Greek Markets Rise After Bailout Decision

Greek Flag(Athens, Greece) – Over the past few days, Greek financial markets have started to rise, which has given international markets a much needed boost. For the past six months, the Greek government has borrowed money at a high rate but over the past few days, this has dropped considerably. Investors are also bolstered by the cooperation displayed between Greece and its international creditors. The end goal is to lighten Greece’s large debt in a way that is mutually beneficial. Although Greece is close to ending its third round of bailout talks very shortly, the consensus is that the country still has a ways to go. Despite, the international markets have responded favorably, which has shown optimism for the future of Greece’s economy.

Greece’s 10-year bonds experienced much lower yields, with the amount falling to around 7.69%, an amount that comes close to the yields experienced in 2010 around the time of the country’s first bailout. The Athens Stock Exchange closed while the market was up around 3.2%. This experienced in boosts in markets across Europe. Many feel encouraged by word out of the European Headquarters in Brussels that the EU is committed to concluding their bailout review as soon as possible. This review is a requirement in order to offically conclude bailout talks. Official EU talks were launched after the Greek Parliament voted and agreed to the austerity measures required of the Greek Government in order to proceed with bailout talks. The markets have been on the rise ever since these decisions.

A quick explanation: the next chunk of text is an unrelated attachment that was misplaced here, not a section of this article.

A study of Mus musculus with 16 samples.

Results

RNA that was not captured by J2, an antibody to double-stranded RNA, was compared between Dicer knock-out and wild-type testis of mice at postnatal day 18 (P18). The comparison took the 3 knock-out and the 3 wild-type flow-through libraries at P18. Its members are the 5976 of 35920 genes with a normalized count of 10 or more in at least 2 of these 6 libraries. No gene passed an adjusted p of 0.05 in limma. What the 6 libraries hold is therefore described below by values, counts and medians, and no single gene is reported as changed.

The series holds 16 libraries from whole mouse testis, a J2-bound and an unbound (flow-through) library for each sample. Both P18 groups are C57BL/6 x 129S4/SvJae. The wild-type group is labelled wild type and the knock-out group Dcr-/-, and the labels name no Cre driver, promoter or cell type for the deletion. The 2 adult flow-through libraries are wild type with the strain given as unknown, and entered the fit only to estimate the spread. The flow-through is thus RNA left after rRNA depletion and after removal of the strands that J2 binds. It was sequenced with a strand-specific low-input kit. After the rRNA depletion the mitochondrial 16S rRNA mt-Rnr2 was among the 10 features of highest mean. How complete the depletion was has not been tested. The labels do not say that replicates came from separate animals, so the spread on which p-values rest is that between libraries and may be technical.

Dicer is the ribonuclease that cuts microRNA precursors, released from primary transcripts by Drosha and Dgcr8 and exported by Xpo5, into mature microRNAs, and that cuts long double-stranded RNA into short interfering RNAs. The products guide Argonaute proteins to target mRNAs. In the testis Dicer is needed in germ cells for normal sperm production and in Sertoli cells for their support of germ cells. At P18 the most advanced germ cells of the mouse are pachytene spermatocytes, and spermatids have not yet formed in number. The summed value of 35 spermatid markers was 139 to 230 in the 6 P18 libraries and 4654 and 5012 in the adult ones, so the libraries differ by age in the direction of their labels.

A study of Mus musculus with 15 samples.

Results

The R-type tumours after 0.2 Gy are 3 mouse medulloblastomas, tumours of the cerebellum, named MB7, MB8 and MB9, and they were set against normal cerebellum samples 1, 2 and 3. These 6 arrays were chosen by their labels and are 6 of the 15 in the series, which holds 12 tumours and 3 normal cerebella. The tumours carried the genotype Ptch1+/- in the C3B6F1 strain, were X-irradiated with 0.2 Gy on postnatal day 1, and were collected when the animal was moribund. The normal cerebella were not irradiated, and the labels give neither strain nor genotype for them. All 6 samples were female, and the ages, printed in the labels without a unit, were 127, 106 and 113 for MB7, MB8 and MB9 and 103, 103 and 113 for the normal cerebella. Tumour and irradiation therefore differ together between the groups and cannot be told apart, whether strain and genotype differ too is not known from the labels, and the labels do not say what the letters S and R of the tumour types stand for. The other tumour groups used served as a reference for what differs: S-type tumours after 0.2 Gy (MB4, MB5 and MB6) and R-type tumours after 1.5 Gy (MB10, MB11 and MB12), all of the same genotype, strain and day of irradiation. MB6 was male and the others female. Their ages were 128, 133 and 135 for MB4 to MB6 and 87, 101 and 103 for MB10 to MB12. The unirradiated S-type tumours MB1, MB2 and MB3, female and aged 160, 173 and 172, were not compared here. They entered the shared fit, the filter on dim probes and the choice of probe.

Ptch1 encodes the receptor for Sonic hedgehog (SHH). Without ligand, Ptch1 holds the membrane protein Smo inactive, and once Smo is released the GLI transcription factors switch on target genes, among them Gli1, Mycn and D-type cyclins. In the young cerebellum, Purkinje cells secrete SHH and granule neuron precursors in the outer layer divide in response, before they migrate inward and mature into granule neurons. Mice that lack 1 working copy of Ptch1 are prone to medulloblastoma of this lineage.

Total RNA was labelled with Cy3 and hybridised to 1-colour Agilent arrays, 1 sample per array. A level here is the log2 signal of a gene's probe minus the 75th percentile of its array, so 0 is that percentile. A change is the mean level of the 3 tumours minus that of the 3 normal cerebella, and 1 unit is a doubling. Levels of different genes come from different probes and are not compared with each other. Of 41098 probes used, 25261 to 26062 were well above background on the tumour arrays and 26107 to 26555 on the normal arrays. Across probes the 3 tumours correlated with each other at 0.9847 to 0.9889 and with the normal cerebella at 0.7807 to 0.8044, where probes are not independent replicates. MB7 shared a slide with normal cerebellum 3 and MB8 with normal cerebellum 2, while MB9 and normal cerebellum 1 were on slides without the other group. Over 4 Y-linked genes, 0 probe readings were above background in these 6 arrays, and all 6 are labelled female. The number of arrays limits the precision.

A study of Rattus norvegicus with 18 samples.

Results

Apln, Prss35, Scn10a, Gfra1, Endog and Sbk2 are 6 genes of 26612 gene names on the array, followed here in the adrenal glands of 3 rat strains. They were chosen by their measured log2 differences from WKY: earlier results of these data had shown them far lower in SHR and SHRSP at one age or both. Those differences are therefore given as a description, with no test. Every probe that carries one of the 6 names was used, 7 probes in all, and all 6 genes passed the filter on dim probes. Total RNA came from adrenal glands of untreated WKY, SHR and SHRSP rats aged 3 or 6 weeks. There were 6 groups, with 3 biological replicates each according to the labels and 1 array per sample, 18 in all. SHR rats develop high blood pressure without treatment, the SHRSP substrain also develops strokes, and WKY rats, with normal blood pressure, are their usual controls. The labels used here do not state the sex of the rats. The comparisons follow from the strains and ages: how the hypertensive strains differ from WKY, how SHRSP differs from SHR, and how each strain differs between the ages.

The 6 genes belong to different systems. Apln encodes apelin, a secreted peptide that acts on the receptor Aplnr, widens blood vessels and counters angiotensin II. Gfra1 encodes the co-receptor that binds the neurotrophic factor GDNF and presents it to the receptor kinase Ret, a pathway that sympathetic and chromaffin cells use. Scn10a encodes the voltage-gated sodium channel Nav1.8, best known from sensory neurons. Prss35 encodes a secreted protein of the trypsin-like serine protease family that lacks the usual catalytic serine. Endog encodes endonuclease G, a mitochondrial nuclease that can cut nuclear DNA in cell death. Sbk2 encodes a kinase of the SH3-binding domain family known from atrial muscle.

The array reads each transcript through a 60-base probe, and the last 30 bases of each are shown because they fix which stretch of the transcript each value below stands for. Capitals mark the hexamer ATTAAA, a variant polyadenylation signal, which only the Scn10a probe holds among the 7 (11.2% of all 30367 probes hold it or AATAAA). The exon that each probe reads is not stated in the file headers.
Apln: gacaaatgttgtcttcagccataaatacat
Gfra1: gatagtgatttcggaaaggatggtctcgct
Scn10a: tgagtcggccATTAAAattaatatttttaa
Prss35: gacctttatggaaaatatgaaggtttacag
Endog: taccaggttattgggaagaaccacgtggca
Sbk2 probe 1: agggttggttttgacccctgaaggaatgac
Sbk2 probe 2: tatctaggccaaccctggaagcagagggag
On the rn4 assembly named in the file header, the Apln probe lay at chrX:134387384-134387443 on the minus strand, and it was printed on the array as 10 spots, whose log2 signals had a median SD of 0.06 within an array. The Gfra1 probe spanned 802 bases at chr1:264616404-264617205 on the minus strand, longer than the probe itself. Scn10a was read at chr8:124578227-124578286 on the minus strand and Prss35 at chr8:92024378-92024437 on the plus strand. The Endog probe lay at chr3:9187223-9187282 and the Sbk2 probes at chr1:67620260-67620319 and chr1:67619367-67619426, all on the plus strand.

Greek Prime Minister has said, “Greece is turning the page and leaving six years of darkness behind it. At last, a light has appeared for growth.” However, the reforms and austerity measures aren’t met with total support on the part of the Greek people. Protests broke out over the weekend before Greek Parliament voted to support the austerity measures. The Labor Unions also went on strike last week in order to protest. The austerity measures will result in greater pension cuts, as well as higher taxes. Greece’s debt is expected to hit a peak number of around 180% above the economy’s yearly output. Despite the opposition, Parliament approved the austerity measures, believing that it provides the best long term solution to end Greece’s economic difficulties. In the meantime, the markets are continuing to perform well.